Potential Health Impacts
- Reproductive effects
- Developmental effects
- Effects on the immune system (antibody production)
- Increased risk of cancer
- Increased cholesterol/risk of obesity
Perspectives and Insights > PFAS
PFAS, or Per- and Polyfluoroalkyl Substances, comprise a complex family of more than 10,000 synthetic chemicals that are widely used in everyday products due to their resistance to water, grease, and stains. These chemicals have been utilized for decades in a range of applications, including non-stick cookware, water-repellent fabrics, and firefighting foams.
Though highly valuable for these purposes, growing evidence points to potential health risks associated with PFAS exposure and their persistence in the environment. As they are commonly referred to as “forever chemicals,” due to their inability to break down naturally, concerns over their impact on both human health and the environment have led to increased scrutiny and regulation.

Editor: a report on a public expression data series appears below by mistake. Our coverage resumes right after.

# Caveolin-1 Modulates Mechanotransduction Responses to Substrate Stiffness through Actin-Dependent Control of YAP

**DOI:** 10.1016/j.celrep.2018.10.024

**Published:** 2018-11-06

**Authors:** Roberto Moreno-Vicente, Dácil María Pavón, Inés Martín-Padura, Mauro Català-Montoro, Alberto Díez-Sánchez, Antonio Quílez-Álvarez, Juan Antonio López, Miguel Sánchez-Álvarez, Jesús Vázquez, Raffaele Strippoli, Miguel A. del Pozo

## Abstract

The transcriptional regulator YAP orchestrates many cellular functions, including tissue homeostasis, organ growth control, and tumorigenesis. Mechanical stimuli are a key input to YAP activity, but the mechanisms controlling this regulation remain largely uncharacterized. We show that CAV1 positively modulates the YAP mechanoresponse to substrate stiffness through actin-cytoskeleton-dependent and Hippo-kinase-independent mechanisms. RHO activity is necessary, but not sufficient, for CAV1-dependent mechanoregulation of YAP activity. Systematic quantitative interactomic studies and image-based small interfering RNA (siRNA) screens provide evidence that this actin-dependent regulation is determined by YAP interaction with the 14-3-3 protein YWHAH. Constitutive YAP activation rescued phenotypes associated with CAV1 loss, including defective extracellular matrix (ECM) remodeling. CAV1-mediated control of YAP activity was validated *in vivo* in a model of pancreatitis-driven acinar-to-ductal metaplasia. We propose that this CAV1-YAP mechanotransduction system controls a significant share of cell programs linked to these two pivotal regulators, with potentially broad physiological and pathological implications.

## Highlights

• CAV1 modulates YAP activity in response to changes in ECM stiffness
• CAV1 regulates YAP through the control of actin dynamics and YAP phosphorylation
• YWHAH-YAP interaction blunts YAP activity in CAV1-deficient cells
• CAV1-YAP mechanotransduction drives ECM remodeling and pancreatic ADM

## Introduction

The United States Environmental Protection Agency (EPA) has proposed the first ever drinking water regulations for six PFAS chemicals. The proposed rule sets a maximum contaminant level goal (MCLG) of zero and a maximum contaminant level (MCL) of 4.0 Parts per Trillion (ppt) for both PFOS and PFOA.
EPA also proposed a Hazard Index approach, as described below, toward the regulation of a mixture of four PFAS chemicals: PFHxS, HFPO-DA (GenX), PFNA, and PFBS. The proposed regulatory framework is based on running annual average of samples, which is similar to the compliance methodology for disinfection by-products.
Levels protective of health effects over a lifetime of exposure, including sensitive populations and life stages.
Ratio of potential exposure to a substance and the level at which no health effects are expected (HBWC).
Sum of component Hazard Quotients (HQs), which are calculated by dividing the measured regulated PFAS component contaminant concentration in water by the associated Health Based Water Concentration.
A hazard index calculation greater than 1.0 would trigger a violation and corresponding regulatory enforcement action.
Considerations for selecting a treatment solution:
• Space available
• Pretreatment requirements
• Removal effectiveness
• Capital investment
• Operating costs
• Disposal of waste/media
Granular Activated Carbon (GAC)
Ion Exchange (IX)
Reverse Osmosis (RO)
PFAS accumulating in treatment residuals also presents challenges. Options for treatment residuals are provided below:
Future regulatory actions not under the Safe Drinking Water Act (SDWA) may have a bearing on future disposal options.